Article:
Viktor Troicki was asked for a urine and blood sample for a doping test, and he refused to give the blood sample. (Adrian Dennis/Getty Images)
Viktor Troicki is facing an 18-month ban from competition after the International Tennis Federation found he failed to provide an acceptable justification for refusing to give a blood sample during the Rolex Monte Carlo Masters tournament in April.
The ITF's decision states that Troicki, 27, was selected to provide both a urine and blood sample on April 15, 2013, after losing in the first round of Monte Carlo to Jarkko Nieminen. Troicki provided the urine sample but did not provide the blood sample because he says he was not feeling well. He claims the doping officer assured him that it was his illness was an acceptable reason not to provide a sample.
The independent tribunal hearing the case rejected Troicki's defense, concluding that the doping offer told him that she could not determine whether his excuse was valid and that she did not make any such assurances. The tribunal found he failed to provide a "compelling justification" for his failure to provide a requested blood sample constituted an Anti-Doping Rule Violation under Article 2.3 of the Tennis Anti-Doping Programme. Under the rule, "[r]efusing or failing without compelling justification to submit to Sample collection after notification of Testing as authorised in applicable anti-doping rules, or otherwise evading Sample collection," constitutes an anti-doping violation.
However, the tribunal also ruled that the circumstances entitled Troicki to a mitigated penalty because he bore "no significant fault or negligence." Accordingly, his two-year ban was reduced to 18 months, and he will be eligible to return to competition on January 24, 2015. His Monte Carlo results have also been disqualified, resulting in forfeiture of rankings points and prize money from that event, where he lost in the first round to Jarkko Nieminen, 6-1, 6-2.
Troicki says he will appeal the decision with the Court of Arbitration for Sport. He reiterated that the doping officer assured him that he could delay his blood test until the next day and that his coach, Jack Reader, was in the room and witnessed the conversation.
"I was selected for urine and blood test after the match and went to the doping control station after showering and stretching," Troicki said in a statement. "I gave the urine samples and told the doctor I was feeling really bad and I believed that drawing blood would make me feel even worse. I always feel awful when I need to draw blood and that day I was scared I would end up in hospital.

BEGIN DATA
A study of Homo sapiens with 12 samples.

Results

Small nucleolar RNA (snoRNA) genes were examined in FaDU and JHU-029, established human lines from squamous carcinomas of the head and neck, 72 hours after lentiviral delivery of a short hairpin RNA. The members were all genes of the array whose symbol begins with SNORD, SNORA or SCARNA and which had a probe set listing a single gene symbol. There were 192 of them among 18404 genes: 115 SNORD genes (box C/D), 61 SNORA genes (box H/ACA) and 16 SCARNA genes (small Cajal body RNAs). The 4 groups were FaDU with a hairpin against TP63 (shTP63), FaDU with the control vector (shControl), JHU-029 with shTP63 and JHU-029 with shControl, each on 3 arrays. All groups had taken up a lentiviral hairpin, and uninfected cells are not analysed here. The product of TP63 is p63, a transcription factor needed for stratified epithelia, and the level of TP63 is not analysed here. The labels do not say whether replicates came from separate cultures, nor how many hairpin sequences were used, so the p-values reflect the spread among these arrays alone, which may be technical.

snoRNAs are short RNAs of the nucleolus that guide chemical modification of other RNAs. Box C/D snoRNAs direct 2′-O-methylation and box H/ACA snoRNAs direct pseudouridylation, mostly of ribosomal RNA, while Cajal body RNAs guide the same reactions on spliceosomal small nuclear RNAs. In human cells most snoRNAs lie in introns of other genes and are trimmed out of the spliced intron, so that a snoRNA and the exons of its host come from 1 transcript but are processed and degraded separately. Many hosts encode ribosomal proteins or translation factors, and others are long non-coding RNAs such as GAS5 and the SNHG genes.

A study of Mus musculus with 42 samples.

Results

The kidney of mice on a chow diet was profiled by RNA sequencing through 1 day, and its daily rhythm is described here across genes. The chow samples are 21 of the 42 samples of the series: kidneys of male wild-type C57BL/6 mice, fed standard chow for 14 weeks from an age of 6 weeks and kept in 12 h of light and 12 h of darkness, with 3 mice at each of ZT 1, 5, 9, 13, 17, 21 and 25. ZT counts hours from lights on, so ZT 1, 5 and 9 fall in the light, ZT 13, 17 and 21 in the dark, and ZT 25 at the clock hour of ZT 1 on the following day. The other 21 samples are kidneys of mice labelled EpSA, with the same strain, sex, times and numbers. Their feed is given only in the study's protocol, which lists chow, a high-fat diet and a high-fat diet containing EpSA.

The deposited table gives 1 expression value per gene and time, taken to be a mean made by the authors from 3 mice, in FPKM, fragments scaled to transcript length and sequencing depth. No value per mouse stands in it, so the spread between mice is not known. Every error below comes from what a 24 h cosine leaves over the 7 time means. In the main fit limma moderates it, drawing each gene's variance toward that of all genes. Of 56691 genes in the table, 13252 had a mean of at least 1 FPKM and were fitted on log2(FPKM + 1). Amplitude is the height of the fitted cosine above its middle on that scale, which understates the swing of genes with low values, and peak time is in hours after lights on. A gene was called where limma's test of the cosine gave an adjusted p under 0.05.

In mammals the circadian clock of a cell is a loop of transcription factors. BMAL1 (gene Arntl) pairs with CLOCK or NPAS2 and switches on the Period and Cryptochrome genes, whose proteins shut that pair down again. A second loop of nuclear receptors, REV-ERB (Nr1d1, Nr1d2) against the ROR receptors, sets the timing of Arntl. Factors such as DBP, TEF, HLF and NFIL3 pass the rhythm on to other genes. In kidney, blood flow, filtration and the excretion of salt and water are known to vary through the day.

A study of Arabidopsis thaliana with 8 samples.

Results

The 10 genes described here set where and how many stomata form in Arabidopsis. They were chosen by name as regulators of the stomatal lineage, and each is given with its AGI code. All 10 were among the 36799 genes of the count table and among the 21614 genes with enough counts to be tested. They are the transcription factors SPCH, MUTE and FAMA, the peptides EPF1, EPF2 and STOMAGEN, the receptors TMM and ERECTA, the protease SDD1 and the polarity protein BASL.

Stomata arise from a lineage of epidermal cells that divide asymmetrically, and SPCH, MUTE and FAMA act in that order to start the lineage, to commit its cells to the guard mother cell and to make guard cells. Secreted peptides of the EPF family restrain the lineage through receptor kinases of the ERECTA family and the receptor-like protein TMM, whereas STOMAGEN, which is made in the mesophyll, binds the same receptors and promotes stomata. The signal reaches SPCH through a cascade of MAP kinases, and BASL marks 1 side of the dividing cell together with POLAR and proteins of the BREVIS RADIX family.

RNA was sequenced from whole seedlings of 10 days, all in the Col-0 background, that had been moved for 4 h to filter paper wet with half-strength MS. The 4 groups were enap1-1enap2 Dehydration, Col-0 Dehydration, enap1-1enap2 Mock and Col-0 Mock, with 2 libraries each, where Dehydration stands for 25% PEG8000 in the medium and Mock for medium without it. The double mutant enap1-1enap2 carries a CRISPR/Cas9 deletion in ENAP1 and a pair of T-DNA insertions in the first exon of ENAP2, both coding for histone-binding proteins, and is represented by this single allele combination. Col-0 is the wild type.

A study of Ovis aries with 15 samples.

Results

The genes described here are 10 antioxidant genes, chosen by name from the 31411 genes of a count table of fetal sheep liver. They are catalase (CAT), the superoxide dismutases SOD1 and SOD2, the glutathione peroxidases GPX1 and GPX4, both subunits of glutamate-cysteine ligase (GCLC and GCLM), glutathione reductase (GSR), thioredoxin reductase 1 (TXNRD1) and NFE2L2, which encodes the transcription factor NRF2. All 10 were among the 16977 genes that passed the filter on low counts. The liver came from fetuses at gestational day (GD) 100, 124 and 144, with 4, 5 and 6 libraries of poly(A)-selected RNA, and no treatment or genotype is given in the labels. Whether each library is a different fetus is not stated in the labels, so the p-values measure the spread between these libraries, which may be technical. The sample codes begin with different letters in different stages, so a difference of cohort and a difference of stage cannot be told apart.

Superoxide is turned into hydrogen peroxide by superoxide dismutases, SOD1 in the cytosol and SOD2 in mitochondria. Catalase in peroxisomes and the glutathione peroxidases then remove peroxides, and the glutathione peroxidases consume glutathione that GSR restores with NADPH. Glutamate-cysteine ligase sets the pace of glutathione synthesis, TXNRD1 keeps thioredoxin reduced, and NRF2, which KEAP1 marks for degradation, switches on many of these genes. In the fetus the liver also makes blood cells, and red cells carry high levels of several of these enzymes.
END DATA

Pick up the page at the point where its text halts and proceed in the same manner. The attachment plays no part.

"The doctor in charge of the testing told me that I looked very pale and ill, and that I could skip the test if I wrote an explanation letter to ITF about it. She dictated the letter to me and let me go without giving blood."
Troicki says he submitted to a blood test the next morning and claims the samples came back clean.
"The doping rules are strict and they must remain strict. But this was a clear mistake from the on-site doping control officer who was also a doctor, and the person in charge to decide. She let me go and reassured me. In my opinion once she found out that she didn’t follow the procedures she turned her back on me.
"I am clean and will always be clean throughout my career. I just had the wrong doctor who didn’t tell me at all that I was risking anything. She showed me a letter of the ITF saying she is in charge of the decisions and I trusted her completely."
Troicki says he's spoken to his fellow players, including Novak Djokovic, and that they all support him in his appeal.
"I am destroyed and exhausted," Troicki said. "I am not even angry with the doctor. I believe that maybe she was told by her organization that she made a big mistake letting me go she backed up and tried to save her job."
Currently ranked No. 53, Troicki reached a career-high of No. 12 in 2011. A loyal member of Serbia's Davis Cup team and a frequent practice partner to ATP No. 1 Djokovic, his best result this year was a run to the fourth round of the French Open, where he lost to Jo-Wilfried Tsonga. Since Monte Carlo, Troicki has earned over $340,000 in prize money, which he will not be required to forfeit under the ITF's rules in cases of a refusal to provide a sample.
Competing at the Croatia Open in Umag this week, Troicki lost to Tommy Robredo in the second round and was still in the doubles event when the decision was announced. He has since pulled out of the tournament.
Troicki is the third tennis player to be banned this year by the ITF for a doping violation. Czech WTA player Barbora Zahlavova-Strycova was handed a six-month ban
in February for testing positive for sibutramine, a banned stimulant she ingested in a weight-loss supplement. Fernando Romboli, a low-ranked Brazilian player, was also issued a ban in May after testing positive for two diuretics, furosemide and hydrochlorothiazide.